First came the threat. Then the bribe, or the offer that sounds almost too good to be true. Now it is the moment of truth.
On June 28, U.S. Supreme Court Chief Justice John Roberts rendered the majority opinion in a 5-4 vote upholding the constitutionality of the Affordable Care Act. However, with a 7-2 margin, the Court struck down a key part of the law that would have stopped the flow of all federal funds for Medicaid to states that did not expand access to this program, as the law intended. Since the federal government puts up the bulk of the money in this joint federal/state program, states that chose to opt out of the expansion would have faced a massive and essentially mandatory increase in their Medicaid costs if this part of the law had been upheld in its original form.
“The financial ‘inducement’ Congress has chosen is much more than ‘relatively mild encouragement’ to expand Medicaid,” Roberts wrote. “It is a gun to the head.”
Unable to coerce state governments to spend more of their tax money on Medicaid, the federal government offers a grace period of several years in which it will pick up essentially all of the cost of the Medicaid expansion, scheduled to begin in 2014, if individual states commit to spending money of their own in years to follow.
Over a 10-year period, Missouri — my home state — would need to commit to spending about $430 million in order to qualify for $8.4 billion in additional Medicaid grants from the federal government. If that looks and sounds almost too good to be true, it is because it literally is too good to be true.
Where is the money supposed to come from to pay for a huge increase in this entitlement program, which is intended to add some 17 million people nationwide to the Medicaid rolls? Do we just pretend that the money is there when we know very well that it is not?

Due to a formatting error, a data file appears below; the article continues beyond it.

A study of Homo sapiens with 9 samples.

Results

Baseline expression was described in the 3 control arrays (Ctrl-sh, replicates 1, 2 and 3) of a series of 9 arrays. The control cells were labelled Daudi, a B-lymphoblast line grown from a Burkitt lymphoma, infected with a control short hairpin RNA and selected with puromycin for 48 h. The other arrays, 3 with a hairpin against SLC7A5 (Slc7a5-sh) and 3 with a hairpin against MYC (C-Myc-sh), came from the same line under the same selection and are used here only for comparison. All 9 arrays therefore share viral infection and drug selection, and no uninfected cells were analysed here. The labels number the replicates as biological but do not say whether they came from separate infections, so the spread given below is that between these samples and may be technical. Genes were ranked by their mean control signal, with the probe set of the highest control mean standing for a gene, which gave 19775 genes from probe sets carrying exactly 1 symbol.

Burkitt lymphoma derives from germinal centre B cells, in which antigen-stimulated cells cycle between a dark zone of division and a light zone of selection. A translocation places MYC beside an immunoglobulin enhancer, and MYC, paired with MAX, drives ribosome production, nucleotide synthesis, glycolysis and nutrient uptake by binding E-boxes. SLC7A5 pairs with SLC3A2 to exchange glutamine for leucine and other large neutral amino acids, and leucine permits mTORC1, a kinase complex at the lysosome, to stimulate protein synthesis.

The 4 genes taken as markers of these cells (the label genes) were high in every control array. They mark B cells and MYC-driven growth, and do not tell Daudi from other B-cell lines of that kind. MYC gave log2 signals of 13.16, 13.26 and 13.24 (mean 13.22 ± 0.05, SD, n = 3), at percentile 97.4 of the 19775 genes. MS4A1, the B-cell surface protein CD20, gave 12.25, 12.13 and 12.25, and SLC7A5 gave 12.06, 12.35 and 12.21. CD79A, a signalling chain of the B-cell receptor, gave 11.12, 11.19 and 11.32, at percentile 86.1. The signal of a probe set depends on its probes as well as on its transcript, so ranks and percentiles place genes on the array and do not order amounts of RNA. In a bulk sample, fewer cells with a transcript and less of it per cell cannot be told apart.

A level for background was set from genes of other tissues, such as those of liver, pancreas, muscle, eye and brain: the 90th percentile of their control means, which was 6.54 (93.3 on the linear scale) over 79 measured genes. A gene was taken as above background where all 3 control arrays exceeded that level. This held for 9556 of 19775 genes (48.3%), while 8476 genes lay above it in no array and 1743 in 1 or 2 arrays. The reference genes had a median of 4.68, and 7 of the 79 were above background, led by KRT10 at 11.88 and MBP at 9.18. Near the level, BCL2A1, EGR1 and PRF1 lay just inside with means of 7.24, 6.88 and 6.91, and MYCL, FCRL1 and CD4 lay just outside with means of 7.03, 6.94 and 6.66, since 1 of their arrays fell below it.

Many state governments, including Missouri, are already over-leveraged. They cannot commit to spend large additional sums of money on Medicaid without slashing spending in other areas, such as education.
Meanwhile, the federal government — with a string of trillion-dollar deficits — is now borrowing about 40 cents for every dollar it spends. Imagine adding $400 of credit card debt for every $1,000 you spend. How long do you think that would work?
In short, the states are being asked to participate in a Bernie Madoff kind of scheme. They are being asked to commit to spend large sums of money, which they don’t have, in order to receive money from the federal government, which it doesn’t have, while making an unsustainable set of promises to people at both the state and federal levels.
Nebraska Gov. Dave Heineman and Iowa Gov. Terry Branstad are already on record opposing the Medicaid expansion. Let us hope that Missouri and other states join them in opting out of this part of the federal health care plan.
It is easy to write IOUs. As Bernie Madoff did, you can — for a while anyway — write new IOUs to replace old IOUs. But it is morally as well as fiscally reprehensible to make promises that you cannot keep. That is why the states should say “No” to the Medicaid expansion plan.